Comorbid Trends in World Trade Center Cough Syndrome and Probable Posttraumatic Stress Disorder in FirefightersWorld Trade Center Cough Syndrome

Justin K. Niles, MA; Mayris P. Webber, DrPH; Jackson Gustave, MPH; Hillel W. Cohen, DrPH; Rachel Zeig-Owens, MPH; Kerry J. Kelly, MD; Lara Glass, MPH; David J. Prezant, MD
Author and Funding Information

From the Montefiore Medical Center (Mr Niles, Drs Webber and Prezant, and Ms Zeig-Owens), and Albert Einstein College of Medicine (Dr Cohen), Bronx; and the Fire Department of the City of New York (Messrs Niles and Gustave; Drs Webber, Kelly, and Prezant; and Ms Glass), Bureau of Health Services, Brooklyn, NY.

Correspondence to: Mayris P. Webber, DrPH, New York City Fire Department, Bureau of Health Services, 9 Metrotech Center, Brooklyn, NY 11201; e-mail:webberm@fdny.nyc.gov


Funding/Support: This work was supported by the National Institute for Occupational Safety and Health [Grant R01-OH07350].

Reproduction of this article is prohibited without written permission from the American College of Chest Physicians (http://www.chestpubs.org/site/misc/reprints.xhtml).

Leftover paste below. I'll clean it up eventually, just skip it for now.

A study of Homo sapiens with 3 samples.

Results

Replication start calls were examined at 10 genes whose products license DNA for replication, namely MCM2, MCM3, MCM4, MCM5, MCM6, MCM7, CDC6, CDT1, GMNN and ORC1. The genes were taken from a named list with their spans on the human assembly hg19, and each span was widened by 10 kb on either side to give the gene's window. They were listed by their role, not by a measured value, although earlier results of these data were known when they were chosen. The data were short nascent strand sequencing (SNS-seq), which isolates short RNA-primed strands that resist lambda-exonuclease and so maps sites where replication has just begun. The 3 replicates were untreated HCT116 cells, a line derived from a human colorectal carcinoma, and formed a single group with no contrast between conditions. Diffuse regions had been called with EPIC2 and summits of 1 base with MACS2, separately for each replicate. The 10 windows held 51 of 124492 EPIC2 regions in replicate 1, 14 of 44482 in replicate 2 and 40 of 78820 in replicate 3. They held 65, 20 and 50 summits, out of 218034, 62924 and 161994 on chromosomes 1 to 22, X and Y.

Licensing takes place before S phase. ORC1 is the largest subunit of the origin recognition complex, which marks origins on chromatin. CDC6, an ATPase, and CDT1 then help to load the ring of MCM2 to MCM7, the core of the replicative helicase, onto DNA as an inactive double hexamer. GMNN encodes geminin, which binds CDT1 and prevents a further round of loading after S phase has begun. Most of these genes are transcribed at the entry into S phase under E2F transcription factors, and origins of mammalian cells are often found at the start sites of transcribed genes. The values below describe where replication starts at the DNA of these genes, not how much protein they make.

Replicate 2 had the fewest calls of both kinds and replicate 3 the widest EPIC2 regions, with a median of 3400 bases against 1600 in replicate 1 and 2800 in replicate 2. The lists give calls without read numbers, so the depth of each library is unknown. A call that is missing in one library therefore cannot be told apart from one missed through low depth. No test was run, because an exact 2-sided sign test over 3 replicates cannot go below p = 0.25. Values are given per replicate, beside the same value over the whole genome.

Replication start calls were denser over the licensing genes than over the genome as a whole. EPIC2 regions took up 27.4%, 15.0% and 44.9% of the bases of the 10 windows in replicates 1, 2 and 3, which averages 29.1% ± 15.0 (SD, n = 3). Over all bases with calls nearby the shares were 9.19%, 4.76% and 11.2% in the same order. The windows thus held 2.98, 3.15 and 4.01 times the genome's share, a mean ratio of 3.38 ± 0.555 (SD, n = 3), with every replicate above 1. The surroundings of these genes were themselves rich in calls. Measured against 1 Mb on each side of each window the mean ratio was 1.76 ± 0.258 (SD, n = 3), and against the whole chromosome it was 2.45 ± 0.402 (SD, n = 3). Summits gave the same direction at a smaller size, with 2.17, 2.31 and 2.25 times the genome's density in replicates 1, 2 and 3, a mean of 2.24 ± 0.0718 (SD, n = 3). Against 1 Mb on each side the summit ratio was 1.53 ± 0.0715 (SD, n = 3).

© 2011 American College of Chest Physicians


Chest. 2011;140(5):1146-1154. doi:10.1378/chest.10-2066

Methods:  Five thousand three hundred sixty-three firefighters completed pulmonary function tests (PFTs) and questionnaires at both times. Relationships among WTC cough syndrome, probable PTSD, and PFTs were analyzed using simple and multivariable models. We also examined the effects of cofactors, including WTC exposure.

Results:  WTC cough syndrome was found in 1,561 firefighters (29.1%) at baseline and 1,186 (22.1%) at follow-up, including 559 with delayed onset (present only at follow-up). Probable PTSD was found in 458 firefighters (8.5%) at baseline and 548 (10.2%) at follow-up, including 343 with delayed onset. Baseline PTSD symptom counts and probable PTSD were associated with WTC cough syndrome at baseline, at follow-up, and in those with delayed-onset WTC cough syndrome. Similarly, WTC cough syndrome symptom counts and WTC cough syndrome at baseline were associated with probable PTSD at baseline, at follow-up, and in those with delayed-onset probable PTSD. WTC arrival time and work duration were cofactors of both outcomes. A small but consistent association existed between pulmonary function and WTC cough syndrome, but none with PTSD.

Conclusions:  The study showed a moderate association between WTC cough syndrome and probable PTSD. The presence of one contributed to the likelihood of the other, even after adjustment for shared cofactors such as WTC exposure.